With all the talk about holiday spending and mall crowds, Santa Claus rallies and every other market-related cliche, retailer stocks might logically seem like a relatively safe bet at the end of a Wall Street year, considering the amount of money they're ostensibly collecting from all us consumers.
But let's be serious. Nothing in the market's that easy. In the last 11 years, the holiday-time trading activity of a group of 10 prominent American retailers, including Walmart (WMT), Apple (AAPL) and GameStop (GME), tells a tale of mediocrity. That's because in that span, putting investing dollars in the group's stocks during the seasonal shopping rush had about as much of a chance of being disappointing as it did of being cheerful. The chart details how the group of these 10 did each year:
For this survey, the holiday seasons are measured from the close of trading on the Monday prior to Black Friday through the close on the last trading day before Christmas. Starting with 2003 and continuing through 2013, the average holiday return for the set was 1.4%. Until 2013's gain of 1.3% -- right at the mean -- it was an even five years up and five years down for the previous 10.
It's not been without the occasional odd note. The best year by far was 2008, only months after Lehman Brothers and the market meltdown. Yet these retail stocks climbed almost 12% between Thanksgiving week and Christmas that year (the S&P 500 was up about 2%). Of course, the government was working on its various economic-stability proposals and stores were doing all they could to get shoppers in the door, but anyone who recalls those days might have trouble remembering them as particularly optimistic.
The so-so showing can be demonstrated in another manner. Since we viewed 10 companies, each with 11 years of data, that meant there were 110 holiday periods in total. The results was ... a tie. It was 55 up, and 55 down. While it probably wouldn't be accurate to dismiss it as completely random, as certain companies clearly have in-demand products in a given year and traders make decisions based on specific circumstances, the findings point to the difficulty (futility?) of angling for an advantage based on history. But you already know about past performance, future results and so on.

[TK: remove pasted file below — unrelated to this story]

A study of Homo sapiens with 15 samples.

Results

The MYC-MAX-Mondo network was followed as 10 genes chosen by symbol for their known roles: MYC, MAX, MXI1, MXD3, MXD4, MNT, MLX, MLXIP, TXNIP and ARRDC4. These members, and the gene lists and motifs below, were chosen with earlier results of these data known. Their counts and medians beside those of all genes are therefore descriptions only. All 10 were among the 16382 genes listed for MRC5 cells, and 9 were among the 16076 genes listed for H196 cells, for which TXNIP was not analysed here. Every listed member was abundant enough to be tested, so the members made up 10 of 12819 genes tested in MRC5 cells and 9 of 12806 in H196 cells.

Now, it is true that some stocks generally have better holidays than others, and there indeed were some periods of impressive individual gains. Amazon (AMZN) is the standout of the group, up nine of the last 11 shopping seasons. Every other stock has had at least four negative seasons, though that does still give those names seven up years. Best Buy (BBY), the worst on average with a 3.6% annual decline, and Walmart have been the gloomiest places to be, dropping in eight holiday periods. The individual average stock price changes are shown here:
Various forecasts, as is not uncommon, figure holiday spending will rise this year compared with 2013, getting an assist from falling gas prices and brighter consumers. Gallup sees a 3% climb. At the National Retail Federation, the outlook is 4.1% -- its estimates have been too high the last two years, whereas they were too low in the prior two. And the SPDR S&P Retail ETF (XRT) has advanced 9% in the last month, surely a sign the holidays are about to go in the merchants' favor, right?
Maybe sales will be great. And maybe the retail stocks will be, too. Just be careful about being too sure of that.